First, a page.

The percussion instrument of a clapper is a straightforward, one that requires not a special command or skill to make. To put it together and operate a wooden clapper is mechanical, undemanding. It recalls a certain return to the innate/natural in regards to the immediacy of material, design and function. Likewise its staccato is agreeable and seems to awaken, in an aural channel, archetypal links to nature. This basic form is a constituent in entertainment and religious rituals across cultures, trussing together what Yuichi Hirako sees as the primitive, nostalgic and historical connection between people and nature.
The wooden clapper as an instrument is synecdochal to The Wooden Clapper as Yuichi Hirako’s exhibition. After all, the panoramic abundance in his works is far from the more modest structures of the instrument. The exhibition explores these notions of connectivity to/omnipresence of and alienation from/ domination of nature, filtering the several discourses on the ungraspable property of nature.
The Wooden Clapper ought to give an incise survey of Yuichi Hirako’s hand in the format of painting and sculpture and transitions in this thesis of our relationship to nature. One series, Memories of My Garden, that started in 2009 provides a milestone to the direction he was to take. From the memory of an actual garden – having the sense of something animate about it – Hirako tries to unlock this presence in narratives composed of anthropomorphic plants and plant-like human figures. Set in distinct sense of singular adventures, Memories of Garden impels the artist to examine this sequence of tableaux and find it inadequate. As much as this series is necessary for the artist’s discursive regard, it also moved him to achieve another process that involved a funneling of perspective from different fields, such as comparative histories as well as culture in the lines of fable and myths. His more recent series is seen in the play of perspective and multiple associations between imagery. They evolved to a calculated, painterly disorder, as Hirako admits a certain truth about nature in motion. He is portraying this relationship not as a contrast between man and the natural terrain/ features, because this would connote a static mingling. In a sense these new works is the artist administering this dichotomy as it dissolves into a whole, opening up a space that is unbounded by experience rather than a place defined by mere human observation of nature.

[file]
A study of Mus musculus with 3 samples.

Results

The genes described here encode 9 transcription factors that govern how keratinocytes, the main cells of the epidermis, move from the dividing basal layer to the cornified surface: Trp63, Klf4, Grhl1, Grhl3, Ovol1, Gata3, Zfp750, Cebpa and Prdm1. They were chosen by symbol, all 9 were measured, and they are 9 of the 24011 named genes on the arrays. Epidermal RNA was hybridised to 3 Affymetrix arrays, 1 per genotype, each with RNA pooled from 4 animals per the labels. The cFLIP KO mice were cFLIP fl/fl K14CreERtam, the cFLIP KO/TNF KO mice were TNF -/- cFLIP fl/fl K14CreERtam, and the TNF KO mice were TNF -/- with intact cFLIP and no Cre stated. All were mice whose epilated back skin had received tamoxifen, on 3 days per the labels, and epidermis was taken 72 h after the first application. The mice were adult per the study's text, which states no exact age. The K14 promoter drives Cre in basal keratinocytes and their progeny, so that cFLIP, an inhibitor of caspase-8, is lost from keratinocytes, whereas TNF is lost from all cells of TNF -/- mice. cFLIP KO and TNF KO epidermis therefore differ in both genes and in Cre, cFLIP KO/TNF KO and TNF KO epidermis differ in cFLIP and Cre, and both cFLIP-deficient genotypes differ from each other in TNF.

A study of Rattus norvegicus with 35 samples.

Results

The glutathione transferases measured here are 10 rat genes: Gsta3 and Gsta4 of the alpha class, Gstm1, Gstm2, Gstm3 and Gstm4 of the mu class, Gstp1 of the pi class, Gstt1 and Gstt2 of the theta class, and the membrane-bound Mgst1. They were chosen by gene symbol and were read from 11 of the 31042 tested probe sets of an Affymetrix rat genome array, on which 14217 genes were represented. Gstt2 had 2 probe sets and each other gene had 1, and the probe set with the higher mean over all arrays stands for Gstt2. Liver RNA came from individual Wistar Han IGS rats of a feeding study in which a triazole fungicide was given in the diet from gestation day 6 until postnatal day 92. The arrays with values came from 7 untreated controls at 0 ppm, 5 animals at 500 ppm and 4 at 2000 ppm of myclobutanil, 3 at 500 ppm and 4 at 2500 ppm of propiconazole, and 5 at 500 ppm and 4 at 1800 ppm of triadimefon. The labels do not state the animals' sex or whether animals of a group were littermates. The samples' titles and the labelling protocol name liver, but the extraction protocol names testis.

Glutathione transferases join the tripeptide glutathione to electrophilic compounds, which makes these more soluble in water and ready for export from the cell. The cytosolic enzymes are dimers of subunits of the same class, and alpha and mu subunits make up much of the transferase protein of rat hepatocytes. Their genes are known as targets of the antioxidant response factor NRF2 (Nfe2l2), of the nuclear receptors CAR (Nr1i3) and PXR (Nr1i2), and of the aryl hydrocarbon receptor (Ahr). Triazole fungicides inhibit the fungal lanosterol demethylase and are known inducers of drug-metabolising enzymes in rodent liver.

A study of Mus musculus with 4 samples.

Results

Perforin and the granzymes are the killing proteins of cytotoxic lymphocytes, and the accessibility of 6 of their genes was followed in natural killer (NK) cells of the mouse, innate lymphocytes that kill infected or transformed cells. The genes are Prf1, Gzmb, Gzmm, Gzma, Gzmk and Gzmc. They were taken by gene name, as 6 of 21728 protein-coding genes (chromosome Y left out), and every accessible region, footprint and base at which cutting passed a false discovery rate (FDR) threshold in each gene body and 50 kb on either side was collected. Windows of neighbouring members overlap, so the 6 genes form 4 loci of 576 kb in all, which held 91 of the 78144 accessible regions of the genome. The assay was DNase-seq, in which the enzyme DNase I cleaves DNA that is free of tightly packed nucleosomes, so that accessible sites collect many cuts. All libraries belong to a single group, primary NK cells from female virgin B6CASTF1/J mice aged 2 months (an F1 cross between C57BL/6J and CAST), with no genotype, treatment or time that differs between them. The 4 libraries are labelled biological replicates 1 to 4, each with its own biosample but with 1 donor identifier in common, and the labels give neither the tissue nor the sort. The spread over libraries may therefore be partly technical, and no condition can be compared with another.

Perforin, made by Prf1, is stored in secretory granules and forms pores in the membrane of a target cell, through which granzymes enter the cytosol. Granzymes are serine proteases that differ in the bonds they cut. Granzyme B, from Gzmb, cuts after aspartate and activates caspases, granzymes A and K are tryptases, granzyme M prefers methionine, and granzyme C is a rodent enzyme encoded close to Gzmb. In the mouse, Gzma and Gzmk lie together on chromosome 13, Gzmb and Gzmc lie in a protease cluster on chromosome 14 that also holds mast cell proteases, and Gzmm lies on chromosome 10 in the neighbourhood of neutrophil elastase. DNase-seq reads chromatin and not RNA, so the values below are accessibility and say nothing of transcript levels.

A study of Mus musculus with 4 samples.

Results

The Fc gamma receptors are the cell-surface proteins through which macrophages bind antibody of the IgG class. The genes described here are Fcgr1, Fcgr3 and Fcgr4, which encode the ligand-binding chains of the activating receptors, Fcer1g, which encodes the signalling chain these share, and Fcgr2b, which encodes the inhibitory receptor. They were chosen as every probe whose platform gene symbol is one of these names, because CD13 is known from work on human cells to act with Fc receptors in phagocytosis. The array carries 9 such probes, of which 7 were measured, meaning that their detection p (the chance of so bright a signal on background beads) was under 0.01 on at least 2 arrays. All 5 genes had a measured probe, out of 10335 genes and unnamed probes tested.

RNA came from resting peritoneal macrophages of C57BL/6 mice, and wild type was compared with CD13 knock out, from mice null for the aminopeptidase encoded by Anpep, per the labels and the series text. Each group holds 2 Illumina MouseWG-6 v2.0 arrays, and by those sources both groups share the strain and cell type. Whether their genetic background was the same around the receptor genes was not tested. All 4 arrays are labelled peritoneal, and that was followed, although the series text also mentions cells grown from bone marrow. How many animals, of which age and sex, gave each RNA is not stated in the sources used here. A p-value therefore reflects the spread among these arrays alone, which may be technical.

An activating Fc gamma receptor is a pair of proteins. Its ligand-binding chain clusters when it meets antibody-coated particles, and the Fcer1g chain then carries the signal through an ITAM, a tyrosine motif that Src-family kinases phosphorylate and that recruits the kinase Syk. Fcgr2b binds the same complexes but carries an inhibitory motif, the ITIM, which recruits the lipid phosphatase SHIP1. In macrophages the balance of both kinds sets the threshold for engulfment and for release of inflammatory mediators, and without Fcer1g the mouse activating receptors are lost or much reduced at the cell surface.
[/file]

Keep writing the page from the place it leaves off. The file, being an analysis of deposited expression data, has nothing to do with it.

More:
The exhibition allows us to look at the man-nature relationship not as a problem, as the channels and arguments would be as vast and as without-end as nature itself. Instead, with the wooden clapper metaphor on hand, it begs us to acknowledge an experiential base in remembering, in being with, nature.